PolyAnna Musings: Radar Love
It is no secret that I dislike vehemently the idea of hierarchical ordering of relationships. Do those words sometimes flow off my tongue— grrr… yes. I still don’t like it. There isn’t anything else. There just isn’t. At least not now.
This time last year, we had a post about this very topic. At the time, I floated the idea to Lucar that perhaps we could think about our relationships as a solar system or a web. This idea did not gain a huge amount of traction.
Last month, I attended a short class taught by MasterSoNSo, on the topic of Solo Polyamory. (I have thoughts on that too, but I am saving those for a different post.) Towards the end of the class, we discussed the idea of how we can talk about our relationships, minus the hierarchical language.
His idea is that of a radar. Naturally this image can get really geeked out and sic-fi in a hurry — but think about it, it is perfect. Just as I think my solar system idea has merits too. Staying with the radar idea, everything is relational. People/relationships are either moving closer together or further part. For a variety of reasons. Could be you are growing apart, someone has moved, someone else has moved closer. Relationships are dynamic and contrary to what popular culture would have you believe, most of us maintain enough relationships to stress out the average air traffic controller– even those of us who do not identify as poly. Dynamic relationships require dynamic metaphors.
I often tell people — my primary relationship is with my kids. Who would I drop absolutely everything for, without a second thought? Geographically speaking my kids are right on top of me on my radar. That will change.That is changing. My oldest is already exploring and getting a taste of solo travels outside of the nest.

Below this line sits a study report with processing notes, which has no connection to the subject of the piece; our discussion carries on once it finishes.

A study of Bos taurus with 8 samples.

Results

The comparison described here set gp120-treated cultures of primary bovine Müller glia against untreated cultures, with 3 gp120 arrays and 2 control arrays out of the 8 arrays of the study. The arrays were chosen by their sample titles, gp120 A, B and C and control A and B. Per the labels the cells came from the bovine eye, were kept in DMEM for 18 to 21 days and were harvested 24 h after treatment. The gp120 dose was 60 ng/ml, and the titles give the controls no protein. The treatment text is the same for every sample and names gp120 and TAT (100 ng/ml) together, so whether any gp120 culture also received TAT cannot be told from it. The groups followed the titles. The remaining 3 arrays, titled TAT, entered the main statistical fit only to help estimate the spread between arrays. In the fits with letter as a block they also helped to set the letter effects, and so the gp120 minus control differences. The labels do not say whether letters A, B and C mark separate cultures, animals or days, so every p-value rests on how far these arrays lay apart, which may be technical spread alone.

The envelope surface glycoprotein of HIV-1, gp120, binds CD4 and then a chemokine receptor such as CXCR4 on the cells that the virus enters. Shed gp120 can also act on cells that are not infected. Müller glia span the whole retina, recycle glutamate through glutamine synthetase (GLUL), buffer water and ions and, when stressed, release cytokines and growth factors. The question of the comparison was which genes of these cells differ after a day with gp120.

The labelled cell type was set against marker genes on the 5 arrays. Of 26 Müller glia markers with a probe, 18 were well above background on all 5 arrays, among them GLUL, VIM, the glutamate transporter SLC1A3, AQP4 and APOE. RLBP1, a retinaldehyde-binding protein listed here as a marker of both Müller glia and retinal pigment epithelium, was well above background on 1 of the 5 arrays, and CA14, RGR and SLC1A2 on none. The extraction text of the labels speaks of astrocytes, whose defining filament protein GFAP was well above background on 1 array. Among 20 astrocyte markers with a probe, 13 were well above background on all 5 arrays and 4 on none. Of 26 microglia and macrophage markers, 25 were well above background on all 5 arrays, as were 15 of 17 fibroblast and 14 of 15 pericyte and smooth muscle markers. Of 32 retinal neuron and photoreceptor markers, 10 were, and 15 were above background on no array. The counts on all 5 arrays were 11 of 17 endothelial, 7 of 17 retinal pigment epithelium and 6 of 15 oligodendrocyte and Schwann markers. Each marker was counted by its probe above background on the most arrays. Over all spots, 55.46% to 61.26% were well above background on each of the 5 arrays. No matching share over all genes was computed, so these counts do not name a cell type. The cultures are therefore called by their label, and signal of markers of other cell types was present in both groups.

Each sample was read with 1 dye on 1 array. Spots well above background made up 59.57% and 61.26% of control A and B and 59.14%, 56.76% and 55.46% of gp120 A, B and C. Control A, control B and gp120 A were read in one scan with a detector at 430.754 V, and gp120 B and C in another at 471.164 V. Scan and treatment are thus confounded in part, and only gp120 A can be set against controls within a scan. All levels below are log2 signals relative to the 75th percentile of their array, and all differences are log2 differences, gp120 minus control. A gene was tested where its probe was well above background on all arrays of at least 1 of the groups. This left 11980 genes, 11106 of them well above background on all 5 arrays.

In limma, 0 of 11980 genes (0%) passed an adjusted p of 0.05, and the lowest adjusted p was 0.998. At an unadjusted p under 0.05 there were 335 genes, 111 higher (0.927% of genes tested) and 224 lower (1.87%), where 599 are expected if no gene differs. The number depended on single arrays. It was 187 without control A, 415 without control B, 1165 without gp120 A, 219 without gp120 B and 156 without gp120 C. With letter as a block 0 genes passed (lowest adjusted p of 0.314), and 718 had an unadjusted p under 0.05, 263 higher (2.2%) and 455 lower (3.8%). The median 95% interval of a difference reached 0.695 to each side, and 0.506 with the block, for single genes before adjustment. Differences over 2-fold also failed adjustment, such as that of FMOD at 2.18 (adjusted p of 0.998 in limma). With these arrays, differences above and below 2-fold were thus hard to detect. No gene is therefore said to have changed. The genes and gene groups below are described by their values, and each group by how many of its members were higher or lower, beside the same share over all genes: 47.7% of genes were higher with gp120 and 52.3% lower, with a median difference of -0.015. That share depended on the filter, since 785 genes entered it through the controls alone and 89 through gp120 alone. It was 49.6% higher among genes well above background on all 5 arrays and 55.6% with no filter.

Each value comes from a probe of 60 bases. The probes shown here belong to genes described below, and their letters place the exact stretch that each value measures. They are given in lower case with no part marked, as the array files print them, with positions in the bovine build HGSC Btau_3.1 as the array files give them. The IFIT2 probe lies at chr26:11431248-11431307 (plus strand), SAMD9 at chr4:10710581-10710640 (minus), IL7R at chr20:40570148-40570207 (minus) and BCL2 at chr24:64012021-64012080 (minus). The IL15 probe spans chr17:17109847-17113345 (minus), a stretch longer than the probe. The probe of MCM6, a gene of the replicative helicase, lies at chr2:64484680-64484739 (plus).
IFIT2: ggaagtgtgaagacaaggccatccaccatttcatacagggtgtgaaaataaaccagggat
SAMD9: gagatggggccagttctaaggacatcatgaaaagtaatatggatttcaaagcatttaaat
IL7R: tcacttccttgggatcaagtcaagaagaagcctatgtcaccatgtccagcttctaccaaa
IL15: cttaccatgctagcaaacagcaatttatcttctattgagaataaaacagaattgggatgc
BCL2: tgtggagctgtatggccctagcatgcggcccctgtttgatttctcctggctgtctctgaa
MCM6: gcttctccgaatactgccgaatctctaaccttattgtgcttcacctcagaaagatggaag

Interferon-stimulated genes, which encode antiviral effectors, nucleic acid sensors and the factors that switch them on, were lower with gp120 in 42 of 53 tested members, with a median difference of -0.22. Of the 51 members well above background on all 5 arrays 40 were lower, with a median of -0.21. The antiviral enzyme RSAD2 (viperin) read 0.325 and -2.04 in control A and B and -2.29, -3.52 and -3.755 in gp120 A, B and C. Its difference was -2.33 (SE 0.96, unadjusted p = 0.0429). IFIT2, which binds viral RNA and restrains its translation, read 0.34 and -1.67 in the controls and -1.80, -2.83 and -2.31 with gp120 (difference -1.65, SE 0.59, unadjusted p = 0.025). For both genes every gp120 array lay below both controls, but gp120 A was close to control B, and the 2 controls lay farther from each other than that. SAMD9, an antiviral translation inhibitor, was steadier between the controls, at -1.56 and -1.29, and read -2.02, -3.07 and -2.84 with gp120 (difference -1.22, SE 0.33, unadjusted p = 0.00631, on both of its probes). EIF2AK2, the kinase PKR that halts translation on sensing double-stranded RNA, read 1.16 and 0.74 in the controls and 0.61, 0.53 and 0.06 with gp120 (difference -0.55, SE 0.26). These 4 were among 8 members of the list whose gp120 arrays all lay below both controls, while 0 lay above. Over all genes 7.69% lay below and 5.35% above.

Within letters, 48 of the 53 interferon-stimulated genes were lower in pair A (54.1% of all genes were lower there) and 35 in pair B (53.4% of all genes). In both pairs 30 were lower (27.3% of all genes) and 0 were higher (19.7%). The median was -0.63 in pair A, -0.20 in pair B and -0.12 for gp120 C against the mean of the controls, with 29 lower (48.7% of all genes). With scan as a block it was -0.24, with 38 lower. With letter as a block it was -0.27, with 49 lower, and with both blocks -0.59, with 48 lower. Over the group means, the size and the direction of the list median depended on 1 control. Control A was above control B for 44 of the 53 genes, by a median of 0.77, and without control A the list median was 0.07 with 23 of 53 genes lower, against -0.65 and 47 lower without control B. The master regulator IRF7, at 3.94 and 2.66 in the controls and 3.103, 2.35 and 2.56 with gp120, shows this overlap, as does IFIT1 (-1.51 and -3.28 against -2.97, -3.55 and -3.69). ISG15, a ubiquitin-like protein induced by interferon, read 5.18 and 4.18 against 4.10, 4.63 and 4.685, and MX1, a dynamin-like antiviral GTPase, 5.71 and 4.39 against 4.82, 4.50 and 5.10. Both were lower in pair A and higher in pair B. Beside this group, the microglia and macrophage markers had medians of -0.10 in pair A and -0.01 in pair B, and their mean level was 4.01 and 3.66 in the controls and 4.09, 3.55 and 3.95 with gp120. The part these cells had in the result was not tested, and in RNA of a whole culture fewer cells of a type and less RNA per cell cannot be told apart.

Next layer would be my husband, parter and BFF. They are extremely close. That said, those relationships are dynamic and ever changing also. My girl crush, for me that relationship or possible relationship has drifted and changed course more than a few times.
I also liked the way a radar puts you– the individual at the center. This is so true. I am ever more convinced that to have healthy and successful relationships with others, the relationship we have with ourselves must be rock solid.
A radar also allows for the inclusion of job, parents, siblings, friends, business partners and so many people. Once upon a time, before kids, I was married to my career. It came first, always. All of these relationships impact each other in many, many dynamic ways. I also think this way of thinking about relationships allows for the inclusion of so many relationships and there is no judgement, if someone drifts off the screen and who knows, they might drift back.
Non-mogomany and specifically polyamory makes us, perhaps even demands that we look at relationships differently. We need to– I think– to be truly successful leave the trappings of monogamy behind. In polyamory– all relationships hold significance. We allow those relationships to be what they are. I think it is high time we adopt language that truly reflects that our relationships are not ordinal, but rather dynamic, interconnected and always changing.